Buying a home requires many legal steps before the seller hands over the keys to your new abode. One of the most important parts the transaction is the home inspection and appraisal.
New buyers often confuse the two and it’s understandable. However, they are separate services.
The appraiser will take measurements both inside and out, make notes about general features of the neighborhood, and confirm the property’s location.
Then the appraiser will look for “comps,” similar comparable homes that have sold in the last 90 days to compare with the home under contract. It’s this research that determines whether the price the seller is asking for is within range.
A home inspection, on the other hand, performs an entirely different service. Its job is to uncover any issues with the home, issues both the buyer and seller should be aware of.
Examples would be mold infestation, foundation and roof problems, plumbing and electrical problems.
Once the problems are uncovered, if there are any, the seller can fix them or negotiate further with the buyer on the price.
Some loan programs like FHA or VA won’t allow a home to be sold if the house has peeling paint on the home’s exterior, blatant safety hazards, (think a deck with no railings), no running water, etc.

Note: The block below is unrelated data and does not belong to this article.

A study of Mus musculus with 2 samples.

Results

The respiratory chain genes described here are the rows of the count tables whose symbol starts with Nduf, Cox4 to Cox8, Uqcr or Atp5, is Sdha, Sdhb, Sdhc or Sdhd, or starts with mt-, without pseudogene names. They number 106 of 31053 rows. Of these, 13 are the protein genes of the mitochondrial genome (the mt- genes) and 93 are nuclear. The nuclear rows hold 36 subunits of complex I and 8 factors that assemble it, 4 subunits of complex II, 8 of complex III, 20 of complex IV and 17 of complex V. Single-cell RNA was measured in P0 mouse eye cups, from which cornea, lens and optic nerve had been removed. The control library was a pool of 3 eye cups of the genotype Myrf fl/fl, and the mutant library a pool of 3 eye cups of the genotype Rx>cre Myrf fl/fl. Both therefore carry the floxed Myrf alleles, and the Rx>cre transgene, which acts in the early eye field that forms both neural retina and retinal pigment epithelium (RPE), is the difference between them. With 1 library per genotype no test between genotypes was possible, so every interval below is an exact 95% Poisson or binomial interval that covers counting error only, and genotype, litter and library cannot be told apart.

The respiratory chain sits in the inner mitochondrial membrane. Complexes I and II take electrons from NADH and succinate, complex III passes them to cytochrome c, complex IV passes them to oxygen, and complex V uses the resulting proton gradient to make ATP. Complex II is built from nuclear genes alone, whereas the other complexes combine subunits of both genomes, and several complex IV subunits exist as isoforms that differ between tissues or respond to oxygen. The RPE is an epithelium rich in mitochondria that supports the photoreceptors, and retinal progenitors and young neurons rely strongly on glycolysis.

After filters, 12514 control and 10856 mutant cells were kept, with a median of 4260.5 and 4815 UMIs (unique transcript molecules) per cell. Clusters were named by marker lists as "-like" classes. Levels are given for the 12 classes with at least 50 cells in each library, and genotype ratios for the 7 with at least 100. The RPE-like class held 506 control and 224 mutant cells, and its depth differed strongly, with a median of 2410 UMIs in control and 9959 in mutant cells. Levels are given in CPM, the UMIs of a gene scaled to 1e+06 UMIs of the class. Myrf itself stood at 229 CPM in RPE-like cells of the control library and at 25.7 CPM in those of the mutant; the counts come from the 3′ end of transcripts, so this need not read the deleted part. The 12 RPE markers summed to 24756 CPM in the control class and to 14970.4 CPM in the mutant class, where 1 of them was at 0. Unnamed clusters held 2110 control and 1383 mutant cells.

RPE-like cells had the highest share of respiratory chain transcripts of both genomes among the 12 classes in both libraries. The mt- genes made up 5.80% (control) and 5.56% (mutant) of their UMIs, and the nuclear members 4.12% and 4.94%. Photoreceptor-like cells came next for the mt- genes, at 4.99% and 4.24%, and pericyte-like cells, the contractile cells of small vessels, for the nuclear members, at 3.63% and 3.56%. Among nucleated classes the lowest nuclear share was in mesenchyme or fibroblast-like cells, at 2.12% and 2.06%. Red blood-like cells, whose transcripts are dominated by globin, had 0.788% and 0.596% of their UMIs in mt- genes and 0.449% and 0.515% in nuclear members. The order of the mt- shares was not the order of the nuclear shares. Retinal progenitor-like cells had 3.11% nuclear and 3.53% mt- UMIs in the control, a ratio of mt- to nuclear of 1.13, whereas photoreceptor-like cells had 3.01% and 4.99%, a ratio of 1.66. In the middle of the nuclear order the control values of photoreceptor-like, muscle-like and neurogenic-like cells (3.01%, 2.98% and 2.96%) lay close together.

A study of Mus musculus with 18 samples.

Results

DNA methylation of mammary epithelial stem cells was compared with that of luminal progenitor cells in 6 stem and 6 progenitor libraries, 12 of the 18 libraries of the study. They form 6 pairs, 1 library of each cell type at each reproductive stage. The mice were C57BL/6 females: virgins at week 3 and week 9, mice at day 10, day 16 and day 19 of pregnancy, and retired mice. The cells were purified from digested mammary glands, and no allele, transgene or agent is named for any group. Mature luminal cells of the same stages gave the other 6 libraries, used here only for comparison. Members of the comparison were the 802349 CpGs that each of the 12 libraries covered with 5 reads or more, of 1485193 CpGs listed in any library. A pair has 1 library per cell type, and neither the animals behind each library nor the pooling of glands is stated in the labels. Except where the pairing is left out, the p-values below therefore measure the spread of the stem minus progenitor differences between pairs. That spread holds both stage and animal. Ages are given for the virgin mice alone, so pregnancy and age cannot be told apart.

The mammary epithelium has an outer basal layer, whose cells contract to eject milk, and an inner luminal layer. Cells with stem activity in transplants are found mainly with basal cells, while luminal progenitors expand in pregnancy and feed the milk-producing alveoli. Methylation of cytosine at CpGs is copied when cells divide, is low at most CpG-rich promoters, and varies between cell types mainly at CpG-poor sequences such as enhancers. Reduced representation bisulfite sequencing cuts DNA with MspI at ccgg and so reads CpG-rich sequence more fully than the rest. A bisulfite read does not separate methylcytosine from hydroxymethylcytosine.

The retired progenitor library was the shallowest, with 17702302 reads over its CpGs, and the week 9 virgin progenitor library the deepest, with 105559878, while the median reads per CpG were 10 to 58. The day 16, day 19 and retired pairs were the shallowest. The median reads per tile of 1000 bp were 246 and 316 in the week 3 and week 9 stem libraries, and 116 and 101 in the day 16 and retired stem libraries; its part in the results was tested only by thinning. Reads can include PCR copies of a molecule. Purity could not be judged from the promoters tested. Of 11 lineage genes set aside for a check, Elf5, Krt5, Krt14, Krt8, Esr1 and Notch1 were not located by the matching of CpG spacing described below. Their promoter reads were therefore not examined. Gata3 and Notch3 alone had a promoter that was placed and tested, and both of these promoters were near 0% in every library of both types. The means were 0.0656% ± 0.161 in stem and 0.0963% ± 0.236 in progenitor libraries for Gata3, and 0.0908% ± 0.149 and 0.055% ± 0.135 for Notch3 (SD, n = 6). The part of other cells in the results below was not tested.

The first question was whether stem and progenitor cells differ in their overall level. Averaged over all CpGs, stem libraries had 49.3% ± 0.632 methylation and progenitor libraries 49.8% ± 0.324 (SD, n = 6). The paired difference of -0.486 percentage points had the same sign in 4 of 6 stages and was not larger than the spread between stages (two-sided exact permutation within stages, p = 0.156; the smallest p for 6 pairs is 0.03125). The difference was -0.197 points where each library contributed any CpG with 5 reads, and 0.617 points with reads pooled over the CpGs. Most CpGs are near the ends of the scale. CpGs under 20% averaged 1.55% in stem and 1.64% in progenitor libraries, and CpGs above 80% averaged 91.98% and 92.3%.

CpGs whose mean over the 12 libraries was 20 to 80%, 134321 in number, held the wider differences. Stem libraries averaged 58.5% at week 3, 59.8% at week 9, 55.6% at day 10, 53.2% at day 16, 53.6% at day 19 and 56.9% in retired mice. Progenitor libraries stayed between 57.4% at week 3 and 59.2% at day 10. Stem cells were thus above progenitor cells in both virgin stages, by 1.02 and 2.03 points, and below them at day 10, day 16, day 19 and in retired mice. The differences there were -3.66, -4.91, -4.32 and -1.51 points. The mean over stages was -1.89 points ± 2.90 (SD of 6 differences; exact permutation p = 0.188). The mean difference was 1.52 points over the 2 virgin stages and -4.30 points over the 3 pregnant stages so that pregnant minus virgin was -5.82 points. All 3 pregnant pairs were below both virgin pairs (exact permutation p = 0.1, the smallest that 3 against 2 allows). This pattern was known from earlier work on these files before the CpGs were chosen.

A home inspection is optional, but a home appraisal is not. However, getting a home inspection is a wise decision because you know upfront what you have to deal with. Or, you can choose to bow out.
As a Staunton, VA title and settlement agency, we field a lot of questions about home appraisals. Here are our 5 top questions.
What Negatively Affects Home Appraisal?
As for the home itself, the construction of your home is key. The kinds of construction materials use to build a home’s foundation, updating the roof, windows, square footage, number of bathrooms and bedrooms, as well as garage and storage space. These all affect a home’s appraisal value.
What Comes First Home Appraisal or Inspection?
If you’re concerned about the home’s construction and value, you can go ahead and get a home inspection first.
Otherwise, the appraisal will usually take place first as it is needed for the mortgage loan application.
Does an Appraiser Look at Inspection Report?
Once the appraiser has completed her report, it goes to your mortgage loan officer. You are then notified as to whether the home appraised for the agreed upon price.
For a home inspection, the inspector examines the condition of a home and gives you their recommendations. If you want to be present while the inspector examines the home, you can. As mentioned above, the home inspection is optional, for your benefit only. It does not play a part in the buying process.
Who Pays for Home Inspection and Appraisal?
What Happens After Home Inspection and Appraisal?
Got any other questions about home inspection after an appraisal? Or buying a home? Don’t hesitate to reach out. Here at Lilly Title & Settlement, we’d be delighted to answer your questions!